Continued from here…..
“Blessed are the poor in spirit, for theirs is the kingdom of heaven” (Matt. 5:3).
It would perhaps be doubtful what poor He was speaking of, if in saying “blessed are the poor” He had added nothing which would explain the sort of poor:
and then that poverty by itself would appear sufficient to win the kingdom of heaven which many suffer from hard and heavy necessity.
But when He says “blessed are the poor in spirit,” He shows that the kingdom of heaven must be assigned to those who are recommended by the humility of their spirits rather than by the smallness of their means.
Yet it cannot be doubted that this possession of humility is more easily acquired by the poor than the rich: for submissiveness is the companion of those that want, while loftiness of mind dwells with riches.
Notwithstanding, even in many of the rich is found that spirit which uses its abundance not for the increasing of its pride but on works of kindness, and counts that for the greatest gain which it expends in the relief of others’ hardships.
It is given to every kind and rank of men to share in this virtue, because men may be equal in will, though unequal in fortune: and it does not matter how different they are in earthly means, who are found equal in spiritual possessions.
Blessed, therefore, is poverty which is not possessed with a love of temporal things, and does not seek to be increased with the riches of the world, but is eager to amass heavenly possessions.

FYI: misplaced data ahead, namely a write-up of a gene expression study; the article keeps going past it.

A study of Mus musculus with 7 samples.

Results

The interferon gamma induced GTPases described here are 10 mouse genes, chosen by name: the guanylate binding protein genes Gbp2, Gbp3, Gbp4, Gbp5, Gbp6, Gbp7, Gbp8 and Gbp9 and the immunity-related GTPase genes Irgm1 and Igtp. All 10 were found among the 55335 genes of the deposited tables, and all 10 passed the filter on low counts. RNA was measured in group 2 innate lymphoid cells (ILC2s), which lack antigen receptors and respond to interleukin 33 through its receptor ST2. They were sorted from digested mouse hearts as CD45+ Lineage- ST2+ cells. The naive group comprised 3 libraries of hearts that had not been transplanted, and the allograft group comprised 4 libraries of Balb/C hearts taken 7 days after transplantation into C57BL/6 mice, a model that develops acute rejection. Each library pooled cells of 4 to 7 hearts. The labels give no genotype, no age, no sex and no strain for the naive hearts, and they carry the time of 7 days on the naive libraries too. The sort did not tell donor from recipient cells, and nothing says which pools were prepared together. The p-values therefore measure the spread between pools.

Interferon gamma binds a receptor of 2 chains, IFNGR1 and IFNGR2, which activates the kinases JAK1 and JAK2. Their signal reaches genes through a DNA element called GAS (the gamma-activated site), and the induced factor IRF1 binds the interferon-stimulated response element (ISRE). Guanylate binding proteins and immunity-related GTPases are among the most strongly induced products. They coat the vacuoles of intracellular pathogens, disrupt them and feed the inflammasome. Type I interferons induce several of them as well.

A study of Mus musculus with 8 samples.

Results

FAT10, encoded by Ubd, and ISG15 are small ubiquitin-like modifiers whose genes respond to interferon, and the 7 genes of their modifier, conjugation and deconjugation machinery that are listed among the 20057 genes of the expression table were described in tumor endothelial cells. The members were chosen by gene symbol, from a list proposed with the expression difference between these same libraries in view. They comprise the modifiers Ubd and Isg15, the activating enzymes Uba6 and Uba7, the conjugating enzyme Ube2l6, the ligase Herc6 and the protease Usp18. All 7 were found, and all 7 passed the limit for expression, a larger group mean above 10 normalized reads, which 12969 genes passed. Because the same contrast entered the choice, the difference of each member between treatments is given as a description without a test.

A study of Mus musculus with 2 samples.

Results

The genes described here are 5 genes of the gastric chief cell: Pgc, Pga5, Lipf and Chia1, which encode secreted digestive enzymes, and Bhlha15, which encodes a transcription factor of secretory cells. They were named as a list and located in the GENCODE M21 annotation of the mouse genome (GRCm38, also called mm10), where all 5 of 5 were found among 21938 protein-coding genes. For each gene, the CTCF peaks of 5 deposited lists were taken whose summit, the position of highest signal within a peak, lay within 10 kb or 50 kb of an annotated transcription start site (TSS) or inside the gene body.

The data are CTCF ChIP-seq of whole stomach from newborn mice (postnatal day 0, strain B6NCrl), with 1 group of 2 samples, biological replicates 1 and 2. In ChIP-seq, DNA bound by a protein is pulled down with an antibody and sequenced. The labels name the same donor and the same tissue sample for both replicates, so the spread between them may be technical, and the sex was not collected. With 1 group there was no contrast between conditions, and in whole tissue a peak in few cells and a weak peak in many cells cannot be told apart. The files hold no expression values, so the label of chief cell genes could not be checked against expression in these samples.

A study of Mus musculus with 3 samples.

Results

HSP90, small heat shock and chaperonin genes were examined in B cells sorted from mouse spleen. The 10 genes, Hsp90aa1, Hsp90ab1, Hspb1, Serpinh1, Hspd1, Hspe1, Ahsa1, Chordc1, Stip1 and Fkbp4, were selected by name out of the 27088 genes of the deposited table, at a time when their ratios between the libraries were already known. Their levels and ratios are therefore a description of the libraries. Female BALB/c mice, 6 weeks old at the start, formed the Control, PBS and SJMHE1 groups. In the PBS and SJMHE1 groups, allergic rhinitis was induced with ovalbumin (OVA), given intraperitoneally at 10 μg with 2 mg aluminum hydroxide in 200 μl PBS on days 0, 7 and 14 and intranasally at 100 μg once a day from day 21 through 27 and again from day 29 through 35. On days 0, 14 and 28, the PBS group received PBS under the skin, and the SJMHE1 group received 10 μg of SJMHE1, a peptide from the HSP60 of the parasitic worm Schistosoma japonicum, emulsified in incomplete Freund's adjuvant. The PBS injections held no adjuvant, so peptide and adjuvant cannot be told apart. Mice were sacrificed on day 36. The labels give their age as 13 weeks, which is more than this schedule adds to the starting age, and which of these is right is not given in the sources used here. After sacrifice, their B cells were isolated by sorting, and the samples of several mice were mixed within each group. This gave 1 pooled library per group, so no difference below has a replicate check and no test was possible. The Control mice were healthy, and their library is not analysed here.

Of this high-souled humility the Apostles first, after the Lord, have given us example. Leaving all that they had without difference at the voice of the heavenly Master, they were turned by a ready change from the catching of fish to be fishers of men, and made many like themselves through the imitation of their faith, when with those first-begotten sons of the Church, “the heart of all was one, and the spirit one, of those that believed” (Acts 4:32).
For, putting away the whole of their things and possessions, they enriched themselves with eternal goods, through the most devoted poverty, and in accordance with the Apostles’ preaching rejoiced to have nothing of the world and possess all things with Christ.
Hence the blessed Apostle Peter, when he was going up into the temple, and was asked for alms by the lame man, said, “Silver and gold is not mine, but what I have that I give thee: in the Name of Jesus Christ of Nazareth, arise and walk” (Acts 3:6).
What more sublime than this humility? what richer than this poverty? […] He [Peter] who gave not Cæsar’s image in a coin, restored Christ’s image on the man.
Leo the Great (c.400-461): Sermon 95, 2-3.